Imagine this: you’re hanging out with your flatmates or friends at a pub, and one of them makes a comment about the outfit a woman at the other end of the bar is wearing. “Not to be a sexist,” your friend says – but with the way the woman is dressed, they say, it wouldn’t surprise them if something bad happened to her.
You’re justifiably outraged, horrified and saddened by what your friend has just said. You know you need to speak up and tell them why what they’ve said is not OK, ever.
But the problem is they’re your friend. And you’re afraid of what they might say, do – or even if it’ll ruin your friendship for good.
Having these types of conversations isn’t easy, but we all know they’re essential – not just because there’s a need to speak out, but because it’s important that others understand what’s important to us (like, you know, that everyone deserves to be treated with respect and as an equal member of society). To boot, quite a lot of us prefer to spend our time with people that share our values; no-one wants to be friends with someone for years, only to find out they’re a misogynist.
As writer, activist and Feministing founder Jessica Valenti explains, it’s important we have these conversations to share our beliefs and push for positive change. By having them, she says, we can begin to create a more inclusive society.
Kris Taylor, a PhD candidate at the School of Psychology at the University of Auckland focusing his research on pornography use among men, says one strategy for having a difficult conversation is to first focus on the views the person you’re talking to might have, and try to understand why they might believe the things they do. “If somebody says ‘but look at what she was wearing?’ I would ask why they think that,” he says. “If somebody used a slur, I would ask them why they said it, and why they thought I would want to hear it. Questioning people and asking them to account for their opinion can be very disarming and powerful.”
It can also help to find common ground in a discussion, he says. “Often I don’t have to look too hard to see that the person who is angry at feminism, for example, will actually agree with a lot of the central tenets of feminism, while simultaneously rallying against the ‘label’. As such, I have found it effective having those conversations as a series of questions, and questioning underlying assumptions, instead of trying to take somebody to school. Me acting like some kind of final authority and preaching to somebody will only alienate them further, and I am more interested in where their disagreements stem from.”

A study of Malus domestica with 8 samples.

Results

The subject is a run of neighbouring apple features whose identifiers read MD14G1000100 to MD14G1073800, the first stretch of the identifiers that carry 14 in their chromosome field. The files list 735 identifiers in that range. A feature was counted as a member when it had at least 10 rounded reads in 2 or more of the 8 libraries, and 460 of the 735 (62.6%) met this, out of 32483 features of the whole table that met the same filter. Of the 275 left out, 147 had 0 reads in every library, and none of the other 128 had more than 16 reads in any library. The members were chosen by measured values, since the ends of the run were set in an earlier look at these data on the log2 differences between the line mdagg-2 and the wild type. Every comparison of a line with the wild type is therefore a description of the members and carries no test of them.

Cristen Conger, co-host of the podcast Stuff Mom Never Told You (a kickass series that does an awesome job of explaining some of the basic ideas about feminism, encouraging listeners to question the patriarchal social structures around them), explains that when discussing feminism with friends, family or flatmates, it’s important to understand privilege, including how the personal attributes you have might influence the advantages you might enjoy. Some of those privileges, she says, can include one’s race, gender identity, sexual orientation, national origin, ability or disability. It’s also important, she says, to recognise that not everyone has the same privilege, and that everyone has different experiences and perspectives – which could mean they might not agree with all your points.
Writing for The Huffington Post, life coach Laurie Gerber recommends listening to the other person’s response after we make a point. “After you have said everything you needed to say, ask for their response,” she writes. “Know that they may have a few difficult things to say as well. Really listen to their thoughts, and make sure you understand them. If a hard conversation is executed well, it can cause a whole new depth of connection and intimacy.”
Auckland University’s Taylor also says that a single conversation will not be enough to change another person’s mind or come to an understanding. “Changing people’s minds and having these conversations is a constant work in progress, both for myself and for those I talk to. One conversation is never enough!”
But, he says, even having just one conversation is still important, especially if it is something we care deeply about.
“I remind myself that the disagreement frequently stems from a lack of understanding, ignorance, and a failure to engage empathetically with the people affected by discrimination,” he says. “As such, as much as is possible, I try to extend a level of empathy to the person I am talking to, with an understanding that their grievance most likely arises from some deeply held – although to me misguided – idea. I may not be able to change their mind on the spot, but questioning their assumptions gets that ball rolling.”
When talking to our friends, flatmates, family and whanau about feminism and the importance of equality for everyone, he also has a bit of final advice that’s particularly relevant given the highly charged political environment we currently live in. “I am a firm believer in the power of discussion and civil debate.”